As the nation pauses to remember the attack on Pearl Harbor, which occurred 75 years ago on Dec. 7, 1941, the occasion has special meaning for a Columbia native who is serving in the U.S. Navy in the very location that drew the United States into World War II.
Petty Officer 3rd Class Matthew Inniss, a 2006 Arundel High School graduate, is assigned to the Navy’s U.S. Pacific Fleet Headquarters. According to Navy officials, the U.S. Pacific Fleet is the world’s largest fleet command, encompassing 100 million square miles, nearly half the Earth’s surface, from Antarctica to the Arctic Circle and from the West Coast of the United States into the Indian Ocean. The U.S. Pacific Fleet consists of approximately 200 ships/submarines, nearly 1,100 aircraft and more than 140,000 sailors and civilians.
Inniss is responsible for supplying message traffic of unsecure and secure communications while monitoring tactical environment.
“I really enjoy the comradery and the people that I work with,” said Inniss. “I learn a lot about the people around me. I get the opportunity to build relationships with these people who, often, become a family away from family.”
Being stationed in Pearl Harbor, often referred to as the gateway to the Pacific in defense circles, means that Inniss is serving in a part of the world that is taking on new importance in America’s national defense strategy.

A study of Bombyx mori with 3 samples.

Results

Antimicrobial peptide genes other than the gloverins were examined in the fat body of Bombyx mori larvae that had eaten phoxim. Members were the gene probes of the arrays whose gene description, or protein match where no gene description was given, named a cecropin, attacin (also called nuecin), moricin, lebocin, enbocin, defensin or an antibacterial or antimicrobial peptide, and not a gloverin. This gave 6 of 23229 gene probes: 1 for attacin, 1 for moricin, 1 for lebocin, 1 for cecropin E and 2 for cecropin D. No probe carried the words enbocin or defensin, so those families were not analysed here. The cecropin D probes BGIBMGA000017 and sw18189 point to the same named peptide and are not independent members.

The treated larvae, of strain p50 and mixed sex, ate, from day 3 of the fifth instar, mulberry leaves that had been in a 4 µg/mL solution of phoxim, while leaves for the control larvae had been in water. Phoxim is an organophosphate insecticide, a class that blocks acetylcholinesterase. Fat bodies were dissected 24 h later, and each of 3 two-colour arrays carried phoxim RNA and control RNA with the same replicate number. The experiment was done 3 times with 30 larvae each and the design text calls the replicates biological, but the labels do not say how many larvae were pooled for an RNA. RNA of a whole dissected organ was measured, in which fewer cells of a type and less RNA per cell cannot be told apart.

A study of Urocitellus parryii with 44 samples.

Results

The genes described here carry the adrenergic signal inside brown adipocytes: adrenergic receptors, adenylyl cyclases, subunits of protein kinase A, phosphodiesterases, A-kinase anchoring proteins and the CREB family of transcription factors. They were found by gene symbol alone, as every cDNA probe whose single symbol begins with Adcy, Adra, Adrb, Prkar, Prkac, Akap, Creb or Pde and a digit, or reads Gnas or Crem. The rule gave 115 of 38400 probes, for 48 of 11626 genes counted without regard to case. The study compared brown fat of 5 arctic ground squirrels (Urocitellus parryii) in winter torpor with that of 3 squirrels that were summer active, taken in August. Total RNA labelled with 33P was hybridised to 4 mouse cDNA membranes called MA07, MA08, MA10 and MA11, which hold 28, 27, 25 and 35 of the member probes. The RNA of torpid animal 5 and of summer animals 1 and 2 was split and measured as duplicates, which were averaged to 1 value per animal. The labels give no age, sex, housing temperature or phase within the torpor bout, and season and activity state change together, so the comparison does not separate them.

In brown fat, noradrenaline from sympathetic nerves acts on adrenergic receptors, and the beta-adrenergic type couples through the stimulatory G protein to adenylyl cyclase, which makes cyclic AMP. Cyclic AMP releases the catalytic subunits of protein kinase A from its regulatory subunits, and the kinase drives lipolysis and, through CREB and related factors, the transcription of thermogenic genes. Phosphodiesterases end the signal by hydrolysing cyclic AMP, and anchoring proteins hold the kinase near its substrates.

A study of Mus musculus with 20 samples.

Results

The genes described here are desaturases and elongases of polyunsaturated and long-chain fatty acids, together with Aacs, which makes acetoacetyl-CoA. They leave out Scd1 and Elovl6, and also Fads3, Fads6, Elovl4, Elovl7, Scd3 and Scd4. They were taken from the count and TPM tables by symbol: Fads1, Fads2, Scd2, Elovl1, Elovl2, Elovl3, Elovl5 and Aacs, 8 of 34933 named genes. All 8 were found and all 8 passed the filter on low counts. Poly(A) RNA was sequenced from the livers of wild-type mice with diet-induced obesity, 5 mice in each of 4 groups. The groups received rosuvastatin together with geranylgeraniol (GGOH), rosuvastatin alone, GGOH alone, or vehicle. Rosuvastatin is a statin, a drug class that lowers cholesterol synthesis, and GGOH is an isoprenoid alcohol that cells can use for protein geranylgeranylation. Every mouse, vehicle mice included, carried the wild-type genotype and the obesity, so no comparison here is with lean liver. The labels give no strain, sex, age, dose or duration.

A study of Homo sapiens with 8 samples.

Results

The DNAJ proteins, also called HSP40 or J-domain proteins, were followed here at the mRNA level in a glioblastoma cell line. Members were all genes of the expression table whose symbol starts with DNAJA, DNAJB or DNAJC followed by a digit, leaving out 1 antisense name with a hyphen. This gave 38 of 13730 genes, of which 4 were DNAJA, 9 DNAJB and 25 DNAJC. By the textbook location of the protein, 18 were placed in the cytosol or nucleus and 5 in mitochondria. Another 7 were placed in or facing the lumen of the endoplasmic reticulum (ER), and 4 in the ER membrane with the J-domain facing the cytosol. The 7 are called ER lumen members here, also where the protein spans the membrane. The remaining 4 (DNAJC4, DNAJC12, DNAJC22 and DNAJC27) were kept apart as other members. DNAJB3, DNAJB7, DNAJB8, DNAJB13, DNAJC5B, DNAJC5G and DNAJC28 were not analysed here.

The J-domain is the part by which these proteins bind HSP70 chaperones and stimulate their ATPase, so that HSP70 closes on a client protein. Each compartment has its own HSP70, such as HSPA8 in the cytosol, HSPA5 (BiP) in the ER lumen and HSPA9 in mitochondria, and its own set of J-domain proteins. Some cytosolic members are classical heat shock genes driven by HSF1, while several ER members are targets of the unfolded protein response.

Pearl Harbor itself is home to more than 19,000 U.S. Navy sailors, 11 surface ships, 19 nuclear-powered submarines and 19 aircraft.
Although the world has changed greatly in the past 75 years, the Navy has been pivotal in helping maintain peace and stability in the Pacific region for decades, and for good reason, Navy officials say. The Pacific is home to more than 50% of the world’s population, many of the world’s largest and smallest economies, several of the world’s largest militaries and many U.S. allies.
Accordingly, the Navy is basing approximately 60% of its ships and aircraft in the region. Officials say the Navy also will provide its most advanced warfighting platforms to the region, including missile defense-capable ships, submarines, reconnaissance aircraft and its newest surface warfare ships.
“There’s a lot of pride in Pearl Harbor,” said Inniss. “I feel proud to say that if we had to protect our country at a moment’s notice we are able to.”
While much has changed in 75 years, American sailors’ core attributes of toughness, initiative, accountability and integrity remain today. The lasting legacy of the heroism and determination exhibited on Dec. 7, 1941, is the heritage Inniss and other service members remain committed to live up to in the 21st century.
“It’s important for those of us serving in Pearl Harbor today to remember the sacrifice of those who served before us,” said Adm. Scott Swift, Commander, U.S. Pacific fleet. “The important work we do every day honors those who were here 75 years ago and is a testament to the enduring value of our navy’s mission.”
Petty Officer 2nd Class(SW) Brian T. Glunt is with the Navy Office of Community Outreach. He can be reached at firstname.lastname@example.org.